For the past three months, the Standard & Poor’s 500 has churned sideways. Is that a bad portent? Not at all. The outlook is for higher prices, if you look at three indicators: the relationship between inflation and market value (known as the Rule of 20), the S&P 500’s earnings/price yield, and energetic merger activity.
Yes, stock prices in aggregate have been trendless and choppy. On down days, it feels as if a bear trend may have started. On up days, optimism takes over. This type of market offers active investors an excellent opportunity to overtrade and lose money.
Do not anticipate how the game will end, even if it feels like there are only seconds left on the clock (especially if you are in the last seconds of the Super Bowl). Allow your disciplined, rules-based approach to guide you through the short-term volatility.
1. The Rule of 20
This involves subtracting the current rate of inflation from the number 20 to determine the potential price/earnings of the S&P 500. If inflation is 2% or less, the potential P/E is 18-plus. At an 18 P/E multiple on $125 – the 2015 consensus for S&P 500 earnings – the index could potentially move 10% higher.
Inflation rose 0.2% in January, not counting food and energy. If we substitute that rate in place of the Federal Reserve target rate of 2%, the potential P/E jumps to 19.8, implying roughly 17% potential appreciation from current levels.
In the late 1970s, inflation ranged from 12% to 14% annually. During this time, the S&P 500 P/E was in single digits. The Rule of 20 worked.
Generally, if we assume no deflation, the Rule of 20 implies the market is overvalued if the P/E exceeds 20. At the moment, the S&P’s P/E is 19.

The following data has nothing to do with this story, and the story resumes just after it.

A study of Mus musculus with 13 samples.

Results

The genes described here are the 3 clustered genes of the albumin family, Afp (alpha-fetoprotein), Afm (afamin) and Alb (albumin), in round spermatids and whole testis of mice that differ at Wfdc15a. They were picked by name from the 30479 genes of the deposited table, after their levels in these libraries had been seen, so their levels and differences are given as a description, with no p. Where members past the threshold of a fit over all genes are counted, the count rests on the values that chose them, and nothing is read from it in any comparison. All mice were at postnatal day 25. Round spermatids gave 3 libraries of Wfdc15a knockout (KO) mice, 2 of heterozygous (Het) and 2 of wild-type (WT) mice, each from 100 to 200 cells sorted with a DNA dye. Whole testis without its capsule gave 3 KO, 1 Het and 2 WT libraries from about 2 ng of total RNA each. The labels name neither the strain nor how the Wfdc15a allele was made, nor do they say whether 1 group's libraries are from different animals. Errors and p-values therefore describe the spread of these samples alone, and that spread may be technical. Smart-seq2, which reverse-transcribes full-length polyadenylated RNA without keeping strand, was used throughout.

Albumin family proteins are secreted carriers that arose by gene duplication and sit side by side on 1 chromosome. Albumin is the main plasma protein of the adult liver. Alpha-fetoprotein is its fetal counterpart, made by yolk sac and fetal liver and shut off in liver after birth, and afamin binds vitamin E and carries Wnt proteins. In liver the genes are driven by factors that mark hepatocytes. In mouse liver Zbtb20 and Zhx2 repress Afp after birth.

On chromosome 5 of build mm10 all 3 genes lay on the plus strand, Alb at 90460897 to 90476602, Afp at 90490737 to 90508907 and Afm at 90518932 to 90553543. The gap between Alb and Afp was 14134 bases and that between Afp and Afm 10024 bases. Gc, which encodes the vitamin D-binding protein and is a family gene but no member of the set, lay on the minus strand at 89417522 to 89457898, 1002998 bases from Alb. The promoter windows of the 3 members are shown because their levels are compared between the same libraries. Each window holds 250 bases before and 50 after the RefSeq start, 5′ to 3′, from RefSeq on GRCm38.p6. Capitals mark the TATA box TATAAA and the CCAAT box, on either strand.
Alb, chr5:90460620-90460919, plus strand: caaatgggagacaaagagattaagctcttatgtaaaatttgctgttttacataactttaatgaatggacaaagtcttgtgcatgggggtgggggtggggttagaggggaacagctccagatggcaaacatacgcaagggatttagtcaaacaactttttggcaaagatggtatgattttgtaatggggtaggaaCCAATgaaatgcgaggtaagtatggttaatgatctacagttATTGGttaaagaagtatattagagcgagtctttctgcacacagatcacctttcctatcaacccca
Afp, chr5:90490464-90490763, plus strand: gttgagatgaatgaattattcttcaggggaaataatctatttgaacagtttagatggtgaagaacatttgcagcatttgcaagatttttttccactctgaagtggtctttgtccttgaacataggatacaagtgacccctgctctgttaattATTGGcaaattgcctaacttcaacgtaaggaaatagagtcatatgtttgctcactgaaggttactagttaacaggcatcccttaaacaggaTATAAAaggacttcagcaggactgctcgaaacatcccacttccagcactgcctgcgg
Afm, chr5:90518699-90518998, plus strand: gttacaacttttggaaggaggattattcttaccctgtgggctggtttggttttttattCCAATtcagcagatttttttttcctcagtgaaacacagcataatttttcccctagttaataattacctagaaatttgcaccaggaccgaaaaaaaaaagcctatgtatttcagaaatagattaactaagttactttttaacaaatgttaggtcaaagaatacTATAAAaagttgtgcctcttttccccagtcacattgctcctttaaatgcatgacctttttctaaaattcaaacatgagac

In 2000, the S&P 500 P/E reached 26 with inflation running at an average of 3.4%. A two-and-a-half-year bear market then followed. At the peak in November 2007, inflation was 4.3%. The inflation rate implied a multiple potential for the S&P 500 of 15.7%. This is roughly the maximum P/E level achieved at the high in 2007 before the 2008-2009 bear market.
2. Earnings yield
Another long-term indicator for where the market is headed comes from dividing S&P 500 earnings by its price (E/P) to determine the earnings yield of the market. Since 1963, the S&P 500 average real earnings yield (that’s adjusted for inflation, which we estimate at 1.5% yearly) is 2.5%, according to JP Morgan Asset Management’s Market Insights. On that basis, the index’s current real earnings yield is roughly 4.5%. The S&P 500 would have to increase about 35% to reach its long-term average real yield – meaning the denominator would need to increase that much.
Both the Rule of 20 and the real earnings yield of the S&P 500 suggest the bull market has not yet reached its valuation potential. The implication from these rules is the sideways trading pattern of the market for the past three months could be just a healthy consolidation before another leg higher in this bull cycle.
Meanwhile, company managements give off a bullish sign with their robust plans for mergers and acquisitions. When companies buy other companies, the acquisition should be accretive, meaning the purchase price should be sufficiently low to allow for the future earnings stream to make a good return on investment.
The latest evidence of ebullient M&A activity came when pharma giant Pfizer announced the acquisition of Hospira for $90 per share or $17 billion, roughly a 40% premium over the prior-day closing price.
Pfizer would pay the 40% premium on top of a large run-up for Hospira, the biggest provider of injectable drugs, over the past couple of years. The stock was not distressed and this is not a bargain basement acquisition. Justifying the acquisition premium with cost/revenue synergies and strategic objectives is tough to do. Essentially, Pfizer management believes the market has significantly undervalued Hospira.
After a long hiatus, M&A bounced back last year. Most of the purchase activity is coming from corporate buyers, rather than financial buyers (e.g., private equity firms, leverage buyout firms, etc.). Because corporate buyers know and live their industries, market observers consider them a better indicator of business health and valuation than financial buyers.